The Winter Olympics are about to get underway in South Korea, but for many in Central Georgia, the lighting of the rings brings back memories of the 1996 Summer Games in Atlanta.
Our own Suzanne Lawler covered those games.
Nicole Butler took a trip with her to retrace her steps on the road to gold.
It was the summer of '96. Suzanne Lawler was a rookie reporter on her first major assignment for 13WMAZ.
Her sports background earned her the opportunity to play a part on the world stage.
She and one other journalist from WMAZ spent two weeks reporting on the games.
Suzanne thought she would never forget a moment, but rewinding the old archive tapes jogged memories.
"I completely forgot that I got to meet Bruce Jenner," Suzanne recalled.
Suzanne was happy to chat with Jenner about the difference between a decathlon and a marathon.
"Do people still come up and say, 'The decathlon, now, what events does that entail?'" Suzanne asked.
"I get that every day of my life -- 'Isn't that that long race?' No, that's a marathon," Jenner said.
"I'm still not sure what a decathlete does, but he was very generous with his time, very personal, very tall," says Suzanne.
Snagging interviews with athletes and meeting people from around the world, she never thought anything could go wrong until chaos descended on Centennial Olympic Park.
A domestic terrorist pipe bombing attack occurred in the park on July 27, 1996. The bomb killed 2 people, and 112 others were injured in the attack.
"The people you talk to are afraid, they are weary they don't know where the next bomb is going to go off next. Centennial Park is such a happy place, and for something like this to happen, it just puts an uneasiness over the city," said Suzanne after the attack.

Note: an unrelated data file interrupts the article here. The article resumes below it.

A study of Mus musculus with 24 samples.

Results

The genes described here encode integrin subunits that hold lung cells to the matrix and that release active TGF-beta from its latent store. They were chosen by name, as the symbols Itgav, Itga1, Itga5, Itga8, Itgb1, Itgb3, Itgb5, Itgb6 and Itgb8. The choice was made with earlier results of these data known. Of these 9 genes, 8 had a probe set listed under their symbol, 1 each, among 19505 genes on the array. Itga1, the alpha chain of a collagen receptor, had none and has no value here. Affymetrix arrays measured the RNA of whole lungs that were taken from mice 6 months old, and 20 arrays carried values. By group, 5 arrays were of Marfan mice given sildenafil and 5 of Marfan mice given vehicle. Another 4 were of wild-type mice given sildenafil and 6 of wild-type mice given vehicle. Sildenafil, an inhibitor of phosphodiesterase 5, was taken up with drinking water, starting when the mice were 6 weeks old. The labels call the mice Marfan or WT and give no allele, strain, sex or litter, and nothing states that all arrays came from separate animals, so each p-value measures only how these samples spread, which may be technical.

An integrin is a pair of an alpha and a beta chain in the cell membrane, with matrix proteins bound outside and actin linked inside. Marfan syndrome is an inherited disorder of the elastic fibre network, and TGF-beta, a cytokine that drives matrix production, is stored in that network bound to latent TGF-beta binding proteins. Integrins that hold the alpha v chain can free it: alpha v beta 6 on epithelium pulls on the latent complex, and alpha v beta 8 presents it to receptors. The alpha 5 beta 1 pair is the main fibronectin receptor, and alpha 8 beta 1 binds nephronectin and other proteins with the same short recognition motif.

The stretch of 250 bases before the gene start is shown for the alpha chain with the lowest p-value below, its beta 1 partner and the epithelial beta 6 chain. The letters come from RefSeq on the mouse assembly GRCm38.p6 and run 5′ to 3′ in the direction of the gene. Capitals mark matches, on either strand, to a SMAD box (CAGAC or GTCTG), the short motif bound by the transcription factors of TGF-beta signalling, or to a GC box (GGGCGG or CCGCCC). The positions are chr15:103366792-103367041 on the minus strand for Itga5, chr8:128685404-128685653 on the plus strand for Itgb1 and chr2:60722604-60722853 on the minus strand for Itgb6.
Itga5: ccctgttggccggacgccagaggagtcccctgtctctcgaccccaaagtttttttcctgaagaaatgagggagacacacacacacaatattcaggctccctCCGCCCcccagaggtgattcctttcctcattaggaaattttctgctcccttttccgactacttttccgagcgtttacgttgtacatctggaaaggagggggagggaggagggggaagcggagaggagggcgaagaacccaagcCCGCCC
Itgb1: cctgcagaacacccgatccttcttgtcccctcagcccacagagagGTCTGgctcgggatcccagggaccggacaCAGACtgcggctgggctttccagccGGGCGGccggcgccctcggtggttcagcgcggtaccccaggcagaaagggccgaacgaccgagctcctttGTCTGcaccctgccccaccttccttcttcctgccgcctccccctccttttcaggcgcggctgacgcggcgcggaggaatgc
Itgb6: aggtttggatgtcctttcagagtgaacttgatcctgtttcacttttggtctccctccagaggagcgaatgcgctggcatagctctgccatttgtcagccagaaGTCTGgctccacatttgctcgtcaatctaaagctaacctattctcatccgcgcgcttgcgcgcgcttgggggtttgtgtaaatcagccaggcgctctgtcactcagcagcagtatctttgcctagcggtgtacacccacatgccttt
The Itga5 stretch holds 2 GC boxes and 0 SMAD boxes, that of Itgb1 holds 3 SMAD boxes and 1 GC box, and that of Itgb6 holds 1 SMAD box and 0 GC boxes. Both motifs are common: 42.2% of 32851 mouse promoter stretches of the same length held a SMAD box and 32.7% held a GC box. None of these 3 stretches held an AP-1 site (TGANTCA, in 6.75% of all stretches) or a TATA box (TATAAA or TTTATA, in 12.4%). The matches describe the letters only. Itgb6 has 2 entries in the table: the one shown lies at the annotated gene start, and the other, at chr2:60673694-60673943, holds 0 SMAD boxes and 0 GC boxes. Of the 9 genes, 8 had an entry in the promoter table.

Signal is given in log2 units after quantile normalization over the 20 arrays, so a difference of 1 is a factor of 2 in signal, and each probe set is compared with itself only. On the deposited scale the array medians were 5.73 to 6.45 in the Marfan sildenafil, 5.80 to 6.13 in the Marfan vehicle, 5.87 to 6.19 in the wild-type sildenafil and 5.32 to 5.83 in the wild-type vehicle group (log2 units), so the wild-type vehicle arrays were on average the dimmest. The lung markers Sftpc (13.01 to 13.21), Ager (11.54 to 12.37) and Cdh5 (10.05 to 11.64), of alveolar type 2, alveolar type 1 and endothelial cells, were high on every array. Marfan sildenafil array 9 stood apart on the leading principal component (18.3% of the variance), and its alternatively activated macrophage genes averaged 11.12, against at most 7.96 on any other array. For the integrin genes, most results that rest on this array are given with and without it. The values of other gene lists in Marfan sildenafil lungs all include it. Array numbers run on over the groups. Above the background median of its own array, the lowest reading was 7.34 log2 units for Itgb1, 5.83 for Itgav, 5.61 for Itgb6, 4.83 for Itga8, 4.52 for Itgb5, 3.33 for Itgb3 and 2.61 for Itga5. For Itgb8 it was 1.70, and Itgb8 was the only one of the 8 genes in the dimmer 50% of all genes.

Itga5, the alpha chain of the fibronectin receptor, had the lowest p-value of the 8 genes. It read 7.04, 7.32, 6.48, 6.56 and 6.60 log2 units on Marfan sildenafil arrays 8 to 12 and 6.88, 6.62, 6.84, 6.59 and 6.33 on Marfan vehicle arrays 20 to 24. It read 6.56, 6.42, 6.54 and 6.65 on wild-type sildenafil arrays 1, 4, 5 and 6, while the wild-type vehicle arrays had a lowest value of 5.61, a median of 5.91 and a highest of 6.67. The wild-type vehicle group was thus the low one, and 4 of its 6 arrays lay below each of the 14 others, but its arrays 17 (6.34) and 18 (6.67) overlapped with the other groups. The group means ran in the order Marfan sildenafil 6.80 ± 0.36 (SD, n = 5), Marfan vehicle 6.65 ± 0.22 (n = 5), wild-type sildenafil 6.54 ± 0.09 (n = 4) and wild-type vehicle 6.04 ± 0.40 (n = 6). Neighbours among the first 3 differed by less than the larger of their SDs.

Remembering what it was like that day, Suzanne recalls, "It was like a war zone here in Centennial Park. The military was here, there were bomb-sniffing dogs, every vehicle was being checked, people were running around screaming."
The chaos dampened the games, but the Olympic spirit burned on.
Athletes like Kerri Strug became a light during a dark time. Strug hurt her ankle but persevered through the pain.
"I didn't know what to do. I knew that if I didn't do the vault and make it, we weren't going to win the gold," said Strug in 1996.
"What a little dynamo. I mean, for her to nail that landing on a broken ankle -- just phenomenal," Suzanne remarks.
Strug brought home the gold, but that was not Suzanne's most prized memory.
It's that of Angel Martino, a swimmer from Americus, that Suzanne chronicled from south Georgia to the Olympic stage.
Suzanne remembers, "We're all wrapped up in the stories of what these athletes have spent their entire careers, and in the case of the Martinos, we got to meet the parents."
She grew close to Martino's family, feeling a part of the glory when Angel claimed a gold medal in the relay.
Looking back from a ferris wheel above Atlanta, the old memories come into focus.
She knew back then, but feels it stronger now -- the significance of that two weeks when the eyes of the world turned to the Olympics in Atlanta.
Suzanne says she's glad to see that Centennial Park has been well-maintained so future generations can know the games still live on in the city.